Cranbrook rolled out a first look at proposed municipal cannabis bylaws in advance of the federal government’s legalization deadline in October.
The four bylaws address issues such as proposed zoning regulations, amendments to existing rules for liquor licenses that now includes cannabis as well as changes to current bylaws regulating clean air and municipal ticketing.
“We’re going to look at it,” said Mayor Lee Pratt. “The bottom line is there’s so much unknown, so many unanswered questions, but I don’t think we can ignore it any longer, I think we have to put a start to it and it’s going to be change-as-you-go, depending on the province and the federal rules.”
While the federal government has passed the Cannabis Act legalizing the use of recreational cannabis starting Oct. 17, there remains trickle-down effects requiring provincial and municipal regulations.
The provincial government introduced cannabis legislation last April that set out regulations on the distribution, sales and retail licensing, as well as adding driving penalties into the Motor Vehicle Act.
However, it’s up to municipalities to create bylaws governing local land uses for potential retailers who wish to set up a cannabis business as well as setting out where cannabis can be consumed in public places.
The proposed bylaw sets out zoning requirements such as any cannabis retail location must be a minimum 100 metre distance from a school or daycare, while varying commercial zoning designations require a 30-metre distance from another cannabis retail location and a minimum 50-metre distance from a liquor retail outlet.
Those distance separation regulations were initially written to avoid clustering of liquor and cannabis retail locations, however, Rob Veg — the city planner who drafted the proposed bylaws — noted that council has the ultimate say on what the city wishes to allow.
Veg also said that in drafting the bylaws, he ignored any philosophical or moral considerations for cannabis, treating it as if it were simply another legally regulated product for consumption, such as alcohol.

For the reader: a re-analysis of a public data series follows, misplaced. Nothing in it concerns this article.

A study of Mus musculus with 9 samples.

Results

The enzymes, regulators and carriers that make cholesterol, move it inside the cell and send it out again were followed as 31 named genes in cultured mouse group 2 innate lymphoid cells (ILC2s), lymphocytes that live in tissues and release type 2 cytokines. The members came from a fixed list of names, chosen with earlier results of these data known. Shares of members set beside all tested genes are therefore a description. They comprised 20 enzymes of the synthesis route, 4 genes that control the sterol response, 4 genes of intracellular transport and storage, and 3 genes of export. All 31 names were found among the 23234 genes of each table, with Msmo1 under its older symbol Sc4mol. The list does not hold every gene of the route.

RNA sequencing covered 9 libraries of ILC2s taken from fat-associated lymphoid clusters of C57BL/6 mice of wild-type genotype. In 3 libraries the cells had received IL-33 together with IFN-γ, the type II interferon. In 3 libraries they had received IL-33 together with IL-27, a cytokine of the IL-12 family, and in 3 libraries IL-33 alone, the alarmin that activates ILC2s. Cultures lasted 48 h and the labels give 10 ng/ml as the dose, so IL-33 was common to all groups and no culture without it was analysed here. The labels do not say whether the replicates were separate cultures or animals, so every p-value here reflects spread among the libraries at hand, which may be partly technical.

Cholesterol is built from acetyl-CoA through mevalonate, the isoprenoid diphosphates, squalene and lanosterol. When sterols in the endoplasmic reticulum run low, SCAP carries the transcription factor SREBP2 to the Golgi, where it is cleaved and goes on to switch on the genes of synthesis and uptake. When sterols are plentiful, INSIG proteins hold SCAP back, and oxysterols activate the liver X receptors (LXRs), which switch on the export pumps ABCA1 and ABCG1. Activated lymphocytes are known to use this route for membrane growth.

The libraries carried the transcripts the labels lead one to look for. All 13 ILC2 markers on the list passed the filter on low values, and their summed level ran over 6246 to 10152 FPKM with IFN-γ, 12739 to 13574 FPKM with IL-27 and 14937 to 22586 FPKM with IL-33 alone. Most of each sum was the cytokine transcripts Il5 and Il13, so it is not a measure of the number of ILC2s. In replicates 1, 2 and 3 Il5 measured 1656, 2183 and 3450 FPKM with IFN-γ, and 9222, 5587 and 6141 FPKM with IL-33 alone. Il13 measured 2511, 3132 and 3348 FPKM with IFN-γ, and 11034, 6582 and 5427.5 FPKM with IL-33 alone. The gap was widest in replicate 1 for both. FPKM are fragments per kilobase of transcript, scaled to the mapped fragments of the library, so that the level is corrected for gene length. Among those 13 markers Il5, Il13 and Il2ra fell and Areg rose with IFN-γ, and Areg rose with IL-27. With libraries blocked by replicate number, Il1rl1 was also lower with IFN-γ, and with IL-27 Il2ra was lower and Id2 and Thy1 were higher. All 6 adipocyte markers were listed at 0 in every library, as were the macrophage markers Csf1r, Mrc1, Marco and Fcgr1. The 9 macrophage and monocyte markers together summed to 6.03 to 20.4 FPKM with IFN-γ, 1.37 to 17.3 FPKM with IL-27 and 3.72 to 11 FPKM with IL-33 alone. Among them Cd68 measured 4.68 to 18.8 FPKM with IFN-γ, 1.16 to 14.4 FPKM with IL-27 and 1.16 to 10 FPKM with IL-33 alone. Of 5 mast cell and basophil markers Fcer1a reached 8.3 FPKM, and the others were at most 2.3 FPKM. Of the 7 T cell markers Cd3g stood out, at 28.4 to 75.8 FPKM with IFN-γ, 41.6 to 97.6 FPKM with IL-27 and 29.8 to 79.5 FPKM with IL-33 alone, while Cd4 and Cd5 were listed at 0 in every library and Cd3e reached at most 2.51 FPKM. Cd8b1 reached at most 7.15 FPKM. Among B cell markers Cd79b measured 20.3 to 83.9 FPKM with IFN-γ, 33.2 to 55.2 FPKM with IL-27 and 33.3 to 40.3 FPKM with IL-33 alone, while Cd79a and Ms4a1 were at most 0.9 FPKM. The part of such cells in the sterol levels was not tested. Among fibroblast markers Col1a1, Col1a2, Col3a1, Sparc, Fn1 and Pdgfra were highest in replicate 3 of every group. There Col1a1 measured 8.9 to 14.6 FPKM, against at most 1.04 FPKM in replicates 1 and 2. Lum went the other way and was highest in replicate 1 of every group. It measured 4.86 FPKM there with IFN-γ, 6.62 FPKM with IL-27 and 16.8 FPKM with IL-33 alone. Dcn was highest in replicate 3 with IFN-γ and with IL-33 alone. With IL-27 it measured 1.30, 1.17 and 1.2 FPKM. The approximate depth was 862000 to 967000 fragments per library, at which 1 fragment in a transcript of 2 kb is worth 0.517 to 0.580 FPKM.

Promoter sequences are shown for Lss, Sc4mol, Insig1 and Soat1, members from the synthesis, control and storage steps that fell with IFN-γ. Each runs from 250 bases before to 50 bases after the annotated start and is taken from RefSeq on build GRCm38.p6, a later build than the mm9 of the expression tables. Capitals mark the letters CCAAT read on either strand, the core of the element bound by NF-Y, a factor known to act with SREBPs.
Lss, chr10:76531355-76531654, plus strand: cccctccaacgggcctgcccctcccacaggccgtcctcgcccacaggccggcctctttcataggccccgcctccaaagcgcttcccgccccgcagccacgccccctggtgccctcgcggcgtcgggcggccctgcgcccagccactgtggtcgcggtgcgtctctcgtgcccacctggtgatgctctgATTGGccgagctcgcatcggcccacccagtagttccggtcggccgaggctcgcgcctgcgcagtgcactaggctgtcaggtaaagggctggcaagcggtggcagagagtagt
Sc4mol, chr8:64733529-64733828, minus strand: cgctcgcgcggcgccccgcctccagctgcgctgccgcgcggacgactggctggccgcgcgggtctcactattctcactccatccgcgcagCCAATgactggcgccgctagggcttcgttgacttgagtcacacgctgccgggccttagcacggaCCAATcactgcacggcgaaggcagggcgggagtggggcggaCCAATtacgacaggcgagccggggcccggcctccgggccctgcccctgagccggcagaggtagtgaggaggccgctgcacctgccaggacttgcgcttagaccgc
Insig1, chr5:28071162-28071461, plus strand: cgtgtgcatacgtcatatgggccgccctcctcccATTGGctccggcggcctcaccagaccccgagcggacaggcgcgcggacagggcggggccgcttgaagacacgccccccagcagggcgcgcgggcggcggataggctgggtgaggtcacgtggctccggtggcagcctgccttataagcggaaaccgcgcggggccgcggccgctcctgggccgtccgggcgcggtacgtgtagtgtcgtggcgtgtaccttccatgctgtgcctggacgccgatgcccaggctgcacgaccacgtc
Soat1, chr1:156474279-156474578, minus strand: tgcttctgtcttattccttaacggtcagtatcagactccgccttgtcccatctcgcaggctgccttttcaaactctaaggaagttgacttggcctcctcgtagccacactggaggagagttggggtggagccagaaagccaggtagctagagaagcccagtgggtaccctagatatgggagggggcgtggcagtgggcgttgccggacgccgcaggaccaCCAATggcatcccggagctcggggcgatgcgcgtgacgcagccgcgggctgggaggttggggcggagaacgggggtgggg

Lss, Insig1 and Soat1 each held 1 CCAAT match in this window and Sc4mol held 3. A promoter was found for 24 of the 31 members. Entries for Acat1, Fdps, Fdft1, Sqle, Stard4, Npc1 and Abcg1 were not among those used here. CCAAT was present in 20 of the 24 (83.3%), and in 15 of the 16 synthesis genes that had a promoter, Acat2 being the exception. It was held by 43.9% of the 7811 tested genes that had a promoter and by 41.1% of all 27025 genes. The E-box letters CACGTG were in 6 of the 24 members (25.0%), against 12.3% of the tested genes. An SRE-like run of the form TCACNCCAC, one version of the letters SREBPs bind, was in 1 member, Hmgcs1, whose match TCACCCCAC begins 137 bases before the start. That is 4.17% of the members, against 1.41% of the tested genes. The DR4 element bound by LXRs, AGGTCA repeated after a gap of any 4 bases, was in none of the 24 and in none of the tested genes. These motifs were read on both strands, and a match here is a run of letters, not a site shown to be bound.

Other proposed bylaw amendments laid out fees for liquor license and cannabis license applications, while also updating the Clean Air Bylaw, which prohibits cannabis consuption inside a public building and up to seven metres away, in a public park, in an open municipal space, a city cemetary, a transit shelter or bus stop, and on any public municipal right-of-way. Cannabis consumption is also banned during Outdoor Special Events, however, there is an application process for exemptions.
Complicating the matter are differences in provincial and federal regulations for medical cannabis, which has been federally approved since 2001.
“If I have a medical marijuana perscription to use, am I exempt from this bylaw in terms of where I can consume?” Ron Popoff asked rhetorically.
Pratt also raised concerns about the scope of bylaw enforcement.
“The one big thing that we have to address is enforcement of it,” he said. “We can make a bylaw, but are we going to be able to enforce it? That’s the big million-dollar question because you can make all kinds of rules, but if you don’t have the means and the resources to enforce it, good luck.”
Right now, the city is considering a $150 fine for smoking cannabis in a place that contravenes the Clean Air Bylaw.
The proposed cannabis bylaws are simply at the introductory stage, but while the Oct. 17 deadline looms, the draft regulations will be considered for readings at the next council meeting on Oct. 1 and adoption at a later date.
In other places across the East Kootenay, The District of Elkford has banned the consumption of cannabis anywhere except for private property will face a $2,000 fine. Elkford has also introduced proposed changes to zoning bylaws to allow for dispensaries and production facilities in advance of legalization.
Kimberley will be addressing cannabis bylaws, however, nothing has been presented to council yet.